By Amos Crawley
Published July 18, 2016
It is so easy for a certain set in our modern lifestyle to forget what a huge part of daily life the church once was - particularly, the persistent and guilt-inducing dogma of the Holy Roman Catholic church.
We are now more than ever fully aware of the cover-ups, hypocrisies and scandals associated with Rome and the institutional disasters fostered by papists. In an era of 24 hour news coverage it's easy to forget the personal pain associated with being raised within the walls of the church, especially should one choose to enter a convent, as our Narrator in Sister Annunciata's Secret does.
I assume that Ms Griffin's choice to set the play in another time is partially due to the fact that the Catholic faith (as well as other faiths) held more day-to-day in yesteryear. Placing the action of her one woman show in post-Depression Montreal lets us understand that joining the nunnery was a commonplace choice for a woman of a certain class.
It also allows Ms Griffin to have some fun with old world discoveries such as seeing her first film and being shocked at the relative size of newfangled undergarments as opposed to the bloomers one would wear under a habit.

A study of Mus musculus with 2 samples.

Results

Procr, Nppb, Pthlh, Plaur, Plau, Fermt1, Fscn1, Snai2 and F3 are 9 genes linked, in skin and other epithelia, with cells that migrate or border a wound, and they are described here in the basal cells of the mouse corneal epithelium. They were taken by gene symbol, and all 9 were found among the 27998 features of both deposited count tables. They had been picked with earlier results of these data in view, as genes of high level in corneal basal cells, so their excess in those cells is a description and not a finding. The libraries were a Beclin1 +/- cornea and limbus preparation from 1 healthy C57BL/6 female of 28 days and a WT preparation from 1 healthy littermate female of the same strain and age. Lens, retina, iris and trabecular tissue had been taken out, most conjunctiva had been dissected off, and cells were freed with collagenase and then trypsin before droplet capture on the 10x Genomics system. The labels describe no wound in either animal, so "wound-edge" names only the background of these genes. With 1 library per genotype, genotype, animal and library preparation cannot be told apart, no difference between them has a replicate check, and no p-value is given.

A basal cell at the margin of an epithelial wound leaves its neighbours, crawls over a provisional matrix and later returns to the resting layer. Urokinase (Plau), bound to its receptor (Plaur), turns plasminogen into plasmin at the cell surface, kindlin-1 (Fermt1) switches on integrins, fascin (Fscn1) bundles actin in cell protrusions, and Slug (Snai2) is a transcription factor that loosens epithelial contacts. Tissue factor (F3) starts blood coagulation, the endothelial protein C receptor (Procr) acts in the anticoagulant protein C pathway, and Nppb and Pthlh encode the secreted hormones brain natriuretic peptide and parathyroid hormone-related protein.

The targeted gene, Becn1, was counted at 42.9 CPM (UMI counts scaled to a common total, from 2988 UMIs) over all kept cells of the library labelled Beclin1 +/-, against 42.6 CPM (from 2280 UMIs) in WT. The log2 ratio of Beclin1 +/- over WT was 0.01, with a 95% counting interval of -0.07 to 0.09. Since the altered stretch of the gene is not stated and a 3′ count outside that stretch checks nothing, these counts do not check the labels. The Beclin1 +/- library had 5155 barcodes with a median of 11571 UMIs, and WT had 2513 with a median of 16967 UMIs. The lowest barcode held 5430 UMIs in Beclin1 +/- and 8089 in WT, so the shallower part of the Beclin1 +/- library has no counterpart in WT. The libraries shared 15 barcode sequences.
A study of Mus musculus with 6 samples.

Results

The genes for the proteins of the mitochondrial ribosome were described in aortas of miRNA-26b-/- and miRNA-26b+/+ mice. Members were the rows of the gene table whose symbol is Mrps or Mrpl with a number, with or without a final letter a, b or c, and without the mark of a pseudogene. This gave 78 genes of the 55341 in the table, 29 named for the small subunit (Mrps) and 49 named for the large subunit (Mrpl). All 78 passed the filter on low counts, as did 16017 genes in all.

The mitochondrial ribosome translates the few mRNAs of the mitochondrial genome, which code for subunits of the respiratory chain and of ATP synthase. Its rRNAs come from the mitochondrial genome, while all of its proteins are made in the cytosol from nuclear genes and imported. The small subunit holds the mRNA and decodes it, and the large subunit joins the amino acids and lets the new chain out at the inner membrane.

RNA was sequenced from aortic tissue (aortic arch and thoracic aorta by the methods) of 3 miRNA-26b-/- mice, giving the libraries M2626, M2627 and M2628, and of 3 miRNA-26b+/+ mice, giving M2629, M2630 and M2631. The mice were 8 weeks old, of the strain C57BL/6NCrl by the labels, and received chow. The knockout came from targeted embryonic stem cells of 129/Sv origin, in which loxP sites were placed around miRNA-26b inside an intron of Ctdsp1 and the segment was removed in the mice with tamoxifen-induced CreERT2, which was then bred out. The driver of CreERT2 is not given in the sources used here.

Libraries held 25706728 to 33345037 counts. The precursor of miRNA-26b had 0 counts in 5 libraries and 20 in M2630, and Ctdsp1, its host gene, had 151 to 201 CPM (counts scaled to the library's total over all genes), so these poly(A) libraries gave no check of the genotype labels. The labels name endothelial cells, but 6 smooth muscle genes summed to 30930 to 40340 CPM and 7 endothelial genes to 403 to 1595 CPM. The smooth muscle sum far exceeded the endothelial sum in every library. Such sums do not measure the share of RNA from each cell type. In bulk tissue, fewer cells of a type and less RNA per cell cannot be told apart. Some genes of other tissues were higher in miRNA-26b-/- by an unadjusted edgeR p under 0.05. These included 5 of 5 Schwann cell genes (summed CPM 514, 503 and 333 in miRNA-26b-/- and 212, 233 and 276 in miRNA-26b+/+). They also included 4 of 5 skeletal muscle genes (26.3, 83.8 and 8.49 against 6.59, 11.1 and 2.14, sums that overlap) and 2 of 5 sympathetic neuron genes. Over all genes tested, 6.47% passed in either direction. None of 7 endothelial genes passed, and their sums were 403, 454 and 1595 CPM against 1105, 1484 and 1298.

This is a rich territory for commentary. As our program suggests, we are going to be engaged in a discussion about Sin, Love, Penance, Chastity, Fear, Salvation and other heavy duty subject matter. Our lead character Rose even chooses the name Annunciata, from the Italian for announcement, an allusion to the Annunciation - we are in for a story of epic proportions.
More the shame, then, that the execution does not live up to the premise. Too many ideas are introduced out of nowhere with apparent symbolic meaning, but no elucidation as to what those meanings might be.
The pacing of the show feels very odd, with whiplash changes of time and place followed by long digressions that do not move the plot forward. It can be hard to keep track of exactly where we are in this one-woman piece when the only delineation between characters is an adoption of accent that tends to waver the longer any given scene continues.
On the whole, we have a choppy evening where the inciting incident is held in secrecy until the final moments of the play and, when it is revealed, inadvertently raises some very troubling questions about who exactly we should be rooting for. The centrepiece of the script is a relationship in which only one character has a voice - it's a cover-up in and of itself.
There's so much promise in the premise of Sister Annunciata's Secret, and in a talk-back after the show, Mr. Stewart-Jones and Ms Griffin teased a version that gives full voice to all the characters. Perhaps in that version we get a more fully rounded theatrical world.